Seniors: Ideas to pass the time on a stay at home order
You’ve got four walls, a few windows. You may have memorized the spot on the wall in the hallway that has a little paint chip and possibly even worn the flooring in certain areas from wandering back and forth, back and forth.
A few weeks ago, your home – whether you are living in a house, a condominium, an apartment, retirement home, or personal care home was a place of comfort, a place where family and friends gathered.
With the onslaught of social distancing measures due to COVID-19, your home may not bring you the same comforts that it used to. With the Stay at Home order issued by health authorities to stop the spread of the virus, the pandemic is taking its toll on everyone, including seniors.
If you’re starting to feel a little cooped up and stir crazy, perhaps some of these ideas will help to break up the monotony of the days and weeks ahead.
- Remember that staying at home doesn’t mean that you can’t go outside. One of the most important things to do, if you can do so safely, is to get some fresh air every single day. This may mean just sitting near an open window with the sun beaming in, bundling up and sitting on a balcony or veranda, or if possible going for a walk. Being outside will boost your energy levels and lift your spirits.
- Grow something. There is still time to plants seeds for this year’s garden or even for a few pots on the patio. If you don’t have seeds or the ability to get any, be creative and use the seeds from fruits or vegetables that you purchased to eat. Just for the fun of it see if you can get an apple, lemon, tomato, or orange seed to successfully emerge out of the soil. All you need is a container, potting soil, water, sunlight, and maybe a bit more patience!
- Pass on your family recipes. Pull out your cookbooks and write out all of your favourite recipes (or photocopy them if you have access to a photocopier) to create a cookbook that could eventually be photocopied for all your family members. Alternately, you could pick two or three of your favourite recipes, and copy them out for your children or grandchildren. You can mail them out or save them as a special gift to pass along when you’re finally able to see one another.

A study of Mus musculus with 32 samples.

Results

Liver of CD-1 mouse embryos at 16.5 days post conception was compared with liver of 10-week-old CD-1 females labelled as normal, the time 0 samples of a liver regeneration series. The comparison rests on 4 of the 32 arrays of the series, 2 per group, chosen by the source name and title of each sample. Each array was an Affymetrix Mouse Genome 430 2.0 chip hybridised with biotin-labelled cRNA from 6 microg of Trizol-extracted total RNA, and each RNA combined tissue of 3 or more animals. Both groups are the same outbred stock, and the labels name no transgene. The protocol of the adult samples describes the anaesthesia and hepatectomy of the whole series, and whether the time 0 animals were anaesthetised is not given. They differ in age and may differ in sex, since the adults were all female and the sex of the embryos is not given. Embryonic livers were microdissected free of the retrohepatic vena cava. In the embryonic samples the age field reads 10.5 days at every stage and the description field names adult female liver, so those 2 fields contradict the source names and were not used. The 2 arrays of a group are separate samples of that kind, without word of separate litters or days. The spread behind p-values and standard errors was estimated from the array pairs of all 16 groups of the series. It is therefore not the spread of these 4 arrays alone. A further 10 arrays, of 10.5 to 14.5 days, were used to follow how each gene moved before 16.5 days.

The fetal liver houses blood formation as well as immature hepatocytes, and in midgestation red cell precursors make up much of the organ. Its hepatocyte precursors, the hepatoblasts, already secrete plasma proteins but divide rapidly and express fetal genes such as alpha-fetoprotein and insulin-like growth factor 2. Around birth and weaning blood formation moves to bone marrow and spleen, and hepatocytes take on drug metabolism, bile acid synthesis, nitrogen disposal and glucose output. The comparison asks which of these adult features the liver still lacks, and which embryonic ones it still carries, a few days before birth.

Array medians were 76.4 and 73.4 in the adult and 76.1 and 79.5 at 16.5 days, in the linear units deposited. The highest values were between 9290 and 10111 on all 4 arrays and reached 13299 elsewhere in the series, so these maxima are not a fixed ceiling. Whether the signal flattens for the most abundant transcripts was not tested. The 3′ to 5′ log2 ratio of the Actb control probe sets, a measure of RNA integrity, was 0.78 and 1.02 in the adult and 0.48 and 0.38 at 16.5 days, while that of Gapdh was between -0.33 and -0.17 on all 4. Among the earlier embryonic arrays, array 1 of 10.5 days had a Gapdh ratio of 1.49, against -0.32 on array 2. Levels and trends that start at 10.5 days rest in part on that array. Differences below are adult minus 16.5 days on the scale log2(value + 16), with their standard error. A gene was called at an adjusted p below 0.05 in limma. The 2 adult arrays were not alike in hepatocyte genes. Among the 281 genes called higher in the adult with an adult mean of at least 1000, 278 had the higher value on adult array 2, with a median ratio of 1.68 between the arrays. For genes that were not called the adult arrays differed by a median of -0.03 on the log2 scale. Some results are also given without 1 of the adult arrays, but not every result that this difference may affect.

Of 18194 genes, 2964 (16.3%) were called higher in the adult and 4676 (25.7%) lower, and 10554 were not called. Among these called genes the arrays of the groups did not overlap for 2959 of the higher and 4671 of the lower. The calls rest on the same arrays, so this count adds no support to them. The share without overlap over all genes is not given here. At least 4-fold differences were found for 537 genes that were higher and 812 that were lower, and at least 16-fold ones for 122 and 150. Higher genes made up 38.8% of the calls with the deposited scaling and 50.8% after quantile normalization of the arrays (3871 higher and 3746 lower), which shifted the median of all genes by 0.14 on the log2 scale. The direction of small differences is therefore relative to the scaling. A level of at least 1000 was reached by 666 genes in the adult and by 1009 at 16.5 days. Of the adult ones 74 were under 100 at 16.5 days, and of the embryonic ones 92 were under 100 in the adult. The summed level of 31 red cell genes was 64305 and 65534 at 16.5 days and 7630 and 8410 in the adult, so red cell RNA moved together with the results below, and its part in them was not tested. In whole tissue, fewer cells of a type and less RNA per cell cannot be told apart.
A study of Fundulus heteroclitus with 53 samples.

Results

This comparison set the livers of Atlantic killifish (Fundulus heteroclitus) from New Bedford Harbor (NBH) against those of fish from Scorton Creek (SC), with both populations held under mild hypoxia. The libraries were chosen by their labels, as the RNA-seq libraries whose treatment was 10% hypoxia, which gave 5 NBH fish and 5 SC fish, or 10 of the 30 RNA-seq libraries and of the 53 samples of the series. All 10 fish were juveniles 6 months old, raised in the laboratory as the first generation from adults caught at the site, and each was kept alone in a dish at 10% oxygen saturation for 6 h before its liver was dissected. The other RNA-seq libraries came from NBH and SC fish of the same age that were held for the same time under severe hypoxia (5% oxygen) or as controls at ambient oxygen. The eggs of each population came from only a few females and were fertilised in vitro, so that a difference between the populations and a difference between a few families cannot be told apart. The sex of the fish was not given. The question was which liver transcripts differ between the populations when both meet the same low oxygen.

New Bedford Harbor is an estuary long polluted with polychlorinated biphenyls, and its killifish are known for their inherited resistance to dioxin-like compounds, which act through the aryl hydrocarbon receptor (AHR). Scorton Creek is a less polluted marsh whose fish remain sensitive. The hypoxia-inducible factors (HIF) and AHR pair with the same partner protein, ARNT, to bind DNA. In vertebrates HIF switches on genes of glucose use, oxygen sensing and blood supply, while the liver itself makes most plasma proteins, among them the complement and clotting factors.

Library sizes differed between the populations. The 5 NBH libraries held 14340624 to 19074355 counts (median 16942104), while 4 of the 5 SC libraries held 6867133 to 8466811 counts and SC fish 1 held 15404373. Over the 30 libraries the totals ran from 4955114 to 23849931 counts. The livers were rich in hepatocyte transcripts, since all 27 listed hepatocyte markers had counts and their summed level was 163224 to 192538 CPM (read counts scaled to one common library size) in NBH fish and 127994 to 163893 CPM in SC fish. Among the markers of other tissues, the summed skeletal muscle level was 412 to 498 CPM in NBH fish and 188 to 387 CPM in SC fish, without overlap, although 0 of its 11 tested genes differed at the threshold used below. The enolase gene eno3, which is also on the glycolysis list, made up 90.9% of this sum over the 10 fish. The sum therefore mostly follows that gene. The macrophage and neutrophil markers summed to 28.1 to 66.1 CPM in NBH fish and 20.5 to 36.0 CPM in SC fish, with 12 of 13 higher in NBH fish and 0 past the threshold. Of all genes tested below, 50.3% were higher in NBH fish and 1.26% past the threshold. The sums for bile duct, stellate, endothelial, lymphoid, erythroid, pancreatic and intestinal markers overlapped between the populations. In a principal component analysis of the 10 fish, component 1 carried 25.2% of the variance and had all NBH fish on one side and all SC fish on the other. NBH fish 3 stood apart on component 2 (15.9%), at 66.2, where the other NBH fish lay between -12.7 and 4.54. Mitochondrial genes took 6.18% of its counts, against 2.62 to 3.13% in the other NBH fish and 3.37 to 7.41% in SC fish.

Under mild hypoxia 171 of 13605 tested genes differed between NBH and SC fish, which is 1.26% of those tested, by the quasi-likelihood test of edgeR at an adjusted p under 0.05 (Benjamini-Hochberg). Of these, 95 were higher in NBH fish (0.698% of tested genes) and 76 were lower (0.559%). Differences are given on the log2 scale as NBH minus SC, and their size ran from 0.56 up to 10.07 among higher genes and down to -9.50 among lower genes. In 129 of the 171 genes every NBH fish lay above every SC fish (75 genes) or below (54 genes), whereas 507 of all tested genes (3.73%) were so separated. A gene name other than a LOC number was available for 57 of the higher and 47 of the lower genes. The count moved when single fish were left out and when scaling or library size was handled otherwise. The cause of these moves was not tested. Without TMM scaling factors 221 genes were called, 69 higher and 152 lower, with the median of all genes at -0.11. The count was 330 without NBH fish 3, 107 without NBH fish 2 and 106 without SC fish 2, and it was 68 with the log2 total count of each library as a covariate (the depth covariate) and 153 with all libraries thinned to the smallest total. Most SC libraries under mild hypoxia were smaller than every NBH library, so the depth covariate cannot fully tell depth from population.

- Plan for the future. This next idea may make some people feel uncomfortable, but since you have a lot of time to think and plan this is the ideal time to make some decisions. Put together a list of items that are special to you and decide who you would like to give these items to either in the near future or when you pass away. Consider antiques; unique or historic furniture; jewellery; artwork; china sets and fine dishes/glassware; special collections of coins, stamps, and other items; tools, clothing such as fur coats; souvenirs from travelling; family heirlooms; and any other items that are important to you.
- Pull out your photo albums or boxes of photos. Simply enjoy the special memories by looking through them or take it a step further and organize your photographs. It’s lovely to have a collection of photos, but it’s often frustrating when you don’t know who is in the photo or what is happening. If you don’t have photo-safe pens, number the photos and just use sheets of paper to identify who is in the photo, the year, where it was taken, and if it’s not obvious what was happening in the photo. You can do the same for photos that are already in albums, simply record the important information on pieces of paper to keep within the album. Just be sure to create a numbering system to keep things clear and in order. Future generations will be grateful to you and your organizational skills.